It’s more than a good bet that Las Vegas played itself a heavy hand with all the upscale product they developed. And now that the recession is “sitting in,” the winnings just might go to those clients who want to take advantage of all the values and bargains a tight economy has left on the table.
For example, last year Mandalay Bay ran an Escapist package starting at $679 for a 2-night package with $150 of amenity and dining credits, in-room movies and access to Moorea Beach Club. A similar package this fall that runs until Jan. 29, the Exotic Escape package, starts at $89 per night and brings a pile of privileges starting with suite upgrades, $50 in resort credits, a fly-back-free voucher (worth $350), 2-for-1 admission to shows and House of Blues meals, and coupons for retail savings at Mandalay Place.
Want more comparisons? An October 2007 Wynn story right here in Recommend cited the property’s advertised room rate range at $300 to $750. Those rates are now more in the range of $200 to $500 per night with a $199 rate as fairly common occurrence.
But Las Vegas is not a destination that gets up from the table after one losing hand and it’s certainly not a destination accustomed to waiting for change. As recently as last March when early signs of a recession were manifesting in decreasing room occupancies and convention bookings, the Las Vegas Convention & Visitors Authority (LVCVA) kicked in a campaign called Vegas Right Now and the results continue to rumble down the Strip in the form of great room rates, entertainment treats and dining promotions that get noticed.
“While Las Vegas is certainly not immune to the effects of a slowing economy, we have faced difficult economic times in the past, and we have found a way to sustain the industry and recover quickly,” says Art Jimenez, director of leisure marketing, LVCVA. “The resort industry is still investing in the development of the destination, but they are doing so in a fiscally responsible manner during these economic circumstances. Year-to-date, our average daily room rate hovers around $124. This is the perfect time to visit Las Vegas to get the most value for your dollar,” Jimenez adds.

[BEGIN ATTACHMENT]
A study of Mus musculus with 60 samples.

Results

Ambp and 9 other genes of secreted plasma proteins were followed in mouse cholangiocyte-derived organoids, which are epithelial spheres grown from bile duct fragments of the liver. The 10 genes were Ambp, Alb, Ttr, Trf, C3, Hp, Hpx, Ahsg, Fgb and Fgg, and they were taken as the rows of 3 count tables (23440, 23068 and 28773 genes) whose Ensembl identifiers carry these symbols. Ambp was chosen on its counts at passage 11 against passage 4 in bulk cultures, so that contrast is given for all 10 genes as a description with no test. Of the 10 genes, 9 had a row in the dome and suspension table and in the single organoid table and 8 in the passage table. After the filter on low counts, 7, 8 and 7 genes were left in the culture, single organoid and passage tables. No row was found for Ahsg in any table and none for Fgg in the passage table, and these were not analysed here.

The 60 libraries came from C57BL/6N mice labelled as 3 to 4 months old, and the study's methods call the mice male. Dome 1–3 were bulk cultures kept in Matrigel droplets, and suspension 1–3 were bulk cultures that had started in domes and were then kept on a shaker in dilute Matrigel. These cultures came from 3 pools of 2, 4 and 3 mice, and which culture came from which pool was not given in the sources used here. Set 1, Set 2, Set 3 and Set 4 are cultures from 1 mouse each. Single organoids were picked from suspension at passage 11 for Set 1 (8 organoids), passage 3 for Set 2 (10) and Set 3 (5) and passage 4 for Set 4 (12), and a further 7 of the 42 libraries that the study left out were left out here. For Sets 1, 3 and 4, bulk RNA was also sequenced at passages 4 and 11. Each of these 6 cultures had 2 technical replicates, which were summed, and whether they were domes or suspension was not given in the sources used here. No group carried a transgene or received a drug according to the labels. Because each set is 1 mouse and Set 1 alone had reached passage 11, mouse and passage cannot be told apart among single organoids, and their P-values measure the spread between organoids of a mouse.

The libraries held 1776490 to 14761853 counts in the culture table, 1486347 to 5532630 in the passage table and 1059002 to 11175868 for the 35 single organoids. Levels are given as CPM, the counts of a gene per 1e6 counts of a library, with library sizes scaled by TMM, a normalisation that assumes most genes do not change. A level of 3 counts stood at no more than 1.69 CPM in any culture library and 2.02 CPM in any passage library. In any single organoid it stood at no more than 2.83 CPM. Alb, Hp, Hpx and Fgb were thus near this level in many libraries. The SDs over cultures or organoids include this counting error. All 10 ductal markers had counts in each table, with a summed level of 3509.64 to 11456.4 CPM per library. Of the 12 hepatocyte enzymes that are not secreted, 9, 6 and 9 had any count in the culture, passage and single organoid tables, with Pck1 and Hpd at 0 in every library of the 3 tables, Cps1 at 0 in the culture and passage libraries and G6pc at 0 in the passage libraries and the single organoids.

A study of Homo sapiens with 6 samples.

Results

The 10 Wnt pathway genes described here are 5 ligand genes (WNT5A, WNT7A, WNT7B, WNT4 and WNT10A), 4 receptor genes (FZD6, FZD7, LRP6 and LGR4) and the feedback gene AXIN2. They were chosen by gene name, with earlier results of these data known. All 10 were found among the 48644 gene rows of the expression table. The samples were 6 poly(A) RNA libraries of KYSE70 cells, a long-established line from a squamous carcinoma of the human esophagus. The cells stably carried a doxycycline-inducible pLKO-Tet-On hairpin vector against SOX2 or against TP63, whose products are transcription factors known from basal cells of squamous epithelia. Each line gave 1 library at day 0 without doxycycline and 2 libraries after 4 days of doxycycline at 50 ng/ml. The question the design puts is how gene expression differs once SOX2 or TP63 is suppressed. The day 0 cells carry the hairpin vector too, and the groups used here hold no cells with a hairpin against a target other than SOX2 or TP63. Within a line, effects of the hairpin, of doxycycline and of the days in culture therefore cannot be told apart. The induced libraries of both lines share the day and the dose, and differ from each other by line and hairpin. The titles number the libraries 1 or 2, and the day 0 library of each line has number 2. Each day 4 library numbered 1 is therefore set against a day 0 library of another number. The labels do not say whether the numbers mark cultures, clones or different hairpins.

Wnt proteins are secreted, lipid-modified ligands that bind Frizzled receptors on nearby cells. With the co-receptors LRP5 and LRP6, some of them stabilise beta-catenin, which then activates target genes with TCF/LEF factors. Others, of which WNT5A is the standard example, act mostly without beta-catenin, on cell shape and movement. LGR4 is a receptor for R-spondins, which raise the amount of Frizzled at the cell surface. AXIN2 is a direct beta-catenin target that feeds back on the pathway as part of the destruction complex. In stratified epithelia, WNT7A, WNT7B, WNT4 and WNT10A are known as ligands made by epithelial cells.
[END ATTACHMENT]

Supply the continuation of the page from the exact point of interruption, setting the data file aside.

In fact, Vegas has not been this affordable since the days of the free chuckwagon buffets that were rolled into the casinos and the plainly styled guestrooms that served simply as beds for gamblers. For clients who have not seen Vegas lately, this may be their moment, says Jimenez. And for Vegas aficionados, the city is a veritable candyland of fortune, both on the tables and off.
Cha-Ching The resorts throughout the Las Vegas system of MGM Mirage were quick to respond to the spinning economy and have taken the lead in offering irresistible rates and packages. For instance, rooms at Bellagio can be booked for rates starting at $199 per night. Rooms at Mandalay Bay can be booked for $110 per night. Rooms at The Mirage start at $109 per night. The Mirage, incidentally, recently underwent a top-to-bottom interior upgrade and offers a gleaming new room style. Rooms at MGM Grand start at $90 per night. Rooms at TI can be reserved for as little as $89 per night.
Additionally, rooms at Monte Carlo are priced from $80 per night as are rooms at New York-New York and Luxor. Luxor, too, has received a hefty redo and has morphed from Tut Hut to Scene City with the entry of such buzz-makers as LAX Nightclub, Noir Bar, CatHouse, Company Bistro and Criss Angel’s “Believe” with Cirque du Soleil.
Another best bet can be found at Excalibur where rooms start at $61 per night. The resort recently completed a radical room and pool redo that took Arthur off the thrown and welcomed in a modern and contemporary new spirit.
And for those who really want to save their wallets for the wheels of fortune and winnings, rooms at Circus Circus—right at the center of the Strip—can be had for as little as $37 per night, including those free circus performances that occur hourly around the casino Big Top.
Finally, those clients interested in checking out the luxurious Wynn can score a resort room for $199 per night or spring for a 754-sq.-ft. resort suite at the new Encore for $299.